Management Consultant Mike Eldon

Should leaders eat last?

Should leaders be the ones to eat last? The US Marines believe so, as it shows they care for their people and are prepared to sacrifice for them. It’s why Simon Sinek chose Leaders Eat Last as the title of his best-selling book, first published in 2014. We selected it as the topic for our Rotary Club’s recent Book Club meeting, where we also discussed how Sinek’s American context applies here. I certainly don’t need to comment on when most of our Kenyan leaders eat – definitely not last!

Central to the requirements for being the kind of leaders Sinek wishes to see is the generation of broad “Circles of Safety” in their organisations. Within these circles staff trust one another, are therefore open and collaborative and so perform well, not least in dealing with external threats. Such leaders promote integrity and have evolved an uplifting purpose for their people, which generates the stamina to defer gratification and reach for long-term sustainability.

There’s lots more in the book about good contemporary leadership, including examples of role models who defy the pressure to go for easier short-term results. By contrast, leaders who turn a blind eye to the benefits of circles of safety tend to reduce their consideration of people issues to mere numbers, making it much easier to slash staff levels in hard times without feeling any pain or empathy. It’s why one of us homed in on Sinek’s insistence on the development of a healthy culture being at the centre of positive leadership.

For me it was interesting that the book was published in 2014. As had Sinek been writing it today he would have explicitly placed Environment, Social and Governance (ESG) issues at the heart of everything, since much of what he complained about and sought is what ESG initiatives promote: ethical sustainability.

We all appreciated Sinek’s easy-to-follow description of the four hormones, the biological chemicals within us, two selfish and two selfless ones that get stimulated in our system. On the selfish front we have Endorphines and Dopamine, that drove our ancestors to be hunter-gatherers. Endorphines mask physical pain, as in “the runner’s high”, while Dopamine makes us feel good when we accomplish something.

Then Sinek describes the selfless chemicals, that make us feel valued when we are appreciated and trusted and keep the circle of safety intact. Serotonin makes us feel strong and confident, proud, while Oxytocin delivers the feeling of friendship and love when we are with close and trusted friends. It makes us social, and feeling that we belong.

We noted that our Rotary presidents tend to eat last, after they’ve done with managing our lunch meetings, but generally we felt that leaders should be eating with their people not after them. We all agreed though that leaders should be the last to speak, having first listened to the other voices.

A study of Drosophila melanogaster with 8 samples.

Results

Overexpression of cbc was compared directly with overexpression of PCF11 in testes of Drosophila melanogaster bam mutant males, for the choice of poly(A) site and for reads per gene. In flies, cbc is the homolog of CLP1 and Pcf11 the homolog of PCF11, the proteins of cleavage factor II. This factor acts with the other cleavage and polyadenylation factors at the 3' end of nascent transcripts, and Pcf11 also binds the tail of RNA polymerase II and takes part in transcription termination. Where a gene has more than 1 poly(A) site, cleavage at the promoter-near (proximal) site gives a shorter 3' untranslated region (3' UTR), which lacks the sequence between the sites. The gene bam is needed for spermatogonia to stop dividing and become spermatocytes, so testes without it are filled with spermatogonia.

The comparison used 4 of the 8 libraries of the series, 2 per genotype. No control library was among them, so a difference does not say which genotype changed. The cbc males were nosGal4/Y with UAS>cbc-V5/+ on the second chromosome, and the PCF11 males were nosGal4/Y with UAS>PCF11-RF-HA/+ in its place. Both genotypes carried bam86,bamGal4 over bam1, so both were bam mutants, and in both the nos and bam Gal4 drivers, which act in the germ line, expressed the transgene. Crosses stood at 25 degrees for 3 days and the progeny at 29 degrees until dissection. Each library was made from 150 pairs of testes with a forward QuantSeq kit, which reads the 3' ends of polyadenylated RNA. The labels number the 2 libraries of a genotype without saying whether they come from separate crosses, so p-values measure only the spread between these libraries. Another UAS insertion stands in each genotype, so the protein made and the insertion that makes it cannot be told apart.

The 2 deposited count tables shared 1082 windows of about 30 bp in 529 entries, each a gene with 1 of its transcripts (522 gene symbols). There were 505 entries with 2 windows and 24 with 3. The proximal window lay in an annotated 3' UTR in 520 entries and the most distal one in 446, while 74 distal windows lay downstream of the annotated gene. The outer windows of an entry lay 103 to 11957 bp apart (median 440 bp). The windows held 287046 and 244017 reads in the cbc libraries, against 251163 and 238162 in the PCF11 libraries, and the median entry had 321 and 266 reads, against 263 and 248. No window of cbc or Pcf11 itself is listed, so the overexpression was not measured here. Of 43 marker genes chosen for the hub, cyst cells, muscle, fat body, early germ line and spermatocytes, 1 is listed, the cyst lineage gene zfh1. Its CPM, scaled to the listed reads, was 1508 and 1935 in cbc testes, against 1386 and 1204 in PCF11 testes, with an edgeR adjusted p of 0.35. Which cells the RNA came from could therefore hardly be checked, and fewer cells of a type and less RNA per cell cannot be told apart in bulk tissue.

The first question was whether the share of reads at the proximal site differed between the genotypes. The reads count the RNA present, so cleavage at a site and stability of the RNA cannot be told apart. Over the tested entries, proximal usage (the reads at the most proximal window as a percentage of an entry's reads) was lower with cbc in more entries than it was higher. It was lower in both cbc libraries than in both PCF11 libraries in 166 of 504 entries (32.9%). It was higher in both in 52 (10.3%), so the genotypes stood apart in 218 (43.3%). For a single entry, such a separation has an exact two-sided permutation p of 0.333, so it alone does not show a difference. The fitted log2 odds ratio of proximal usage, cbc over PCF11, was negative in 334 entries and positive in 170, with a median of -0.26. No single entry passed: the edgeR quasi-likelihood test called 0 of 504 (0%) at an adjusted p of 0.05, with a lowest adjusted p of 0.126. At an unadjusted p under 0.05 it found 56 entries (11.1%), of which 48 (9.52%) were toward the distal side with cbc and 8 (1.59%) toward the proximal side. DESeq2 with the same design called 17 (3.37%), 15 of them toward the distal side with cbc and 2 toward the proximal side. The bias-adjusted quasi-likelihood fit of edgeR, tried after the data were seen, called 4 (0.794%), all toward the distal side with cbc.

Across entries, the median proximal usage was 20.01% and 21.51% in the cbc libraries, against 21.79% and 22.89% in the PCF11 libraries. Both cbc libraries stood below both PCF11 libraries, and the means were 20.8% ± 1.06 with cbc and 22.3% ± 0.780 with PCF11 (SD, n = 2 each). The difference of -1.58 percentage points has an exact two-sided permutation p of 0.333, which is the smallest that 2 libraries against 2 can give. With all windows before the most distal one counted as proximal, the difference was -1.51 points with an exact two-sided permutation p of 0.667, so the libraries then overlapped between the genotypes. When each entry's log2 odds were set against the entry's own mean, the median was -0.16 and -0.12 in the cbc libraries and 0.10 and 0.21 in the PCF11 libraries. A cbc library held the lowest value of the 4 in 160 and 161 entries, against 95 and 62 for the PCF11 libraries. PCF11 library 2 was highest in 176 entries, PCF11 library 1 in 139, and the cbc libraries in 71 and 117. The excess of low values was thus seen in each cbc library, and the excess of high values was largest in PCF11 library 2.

Uhuru Kenyatta was one of those who recognised the organised discipline of military leaders, putting senior military officers in charge of Nairobi County, the Kenya Meat Commission and elsewhere. And just now William Ruto praised the leadership style of the late General Ogolla. “Are there lessons here for our politicians?” asked one of us, “Or are they beyond redemption?” My concern is that I don’t see them ever sitting together as we were at our Book Club, discussing the fundamental issues of leadership. It’s what should be happening more of at places like the Kenya School of Government.

On the positive side though, we heard praise for the progress made in Makueni County, thanks to its first Governor, Kivutha Kibwana, and now Mutula Kilonzo Jr. I could also have added the good example of the first Governor of Laikipia, Ndiritu Muriithi, another who showed how a leader can make a transformative difference.

Towards the end of the book Sinek writes extensively on why millennials are as they are and how to handle them constructively, and here two of our members talked about their challenges in dealing with such young ones in the medical field. Sinek helps us understand the importance of when and therefore how different generations were brought up, and I mentioned that I am too old to be a baby boomer, having been born before World War II was over. I have therefore been brought up with frugality, which I have held on to since… like squeezing the last bit out of toothpaste tubes. ‘Me too,’ echoed another Rotarian, much younger than me… and a dentist by profession!

In conclusion, reading the book stimulated us positively, so my fellow Rotarians and I recommend it to you.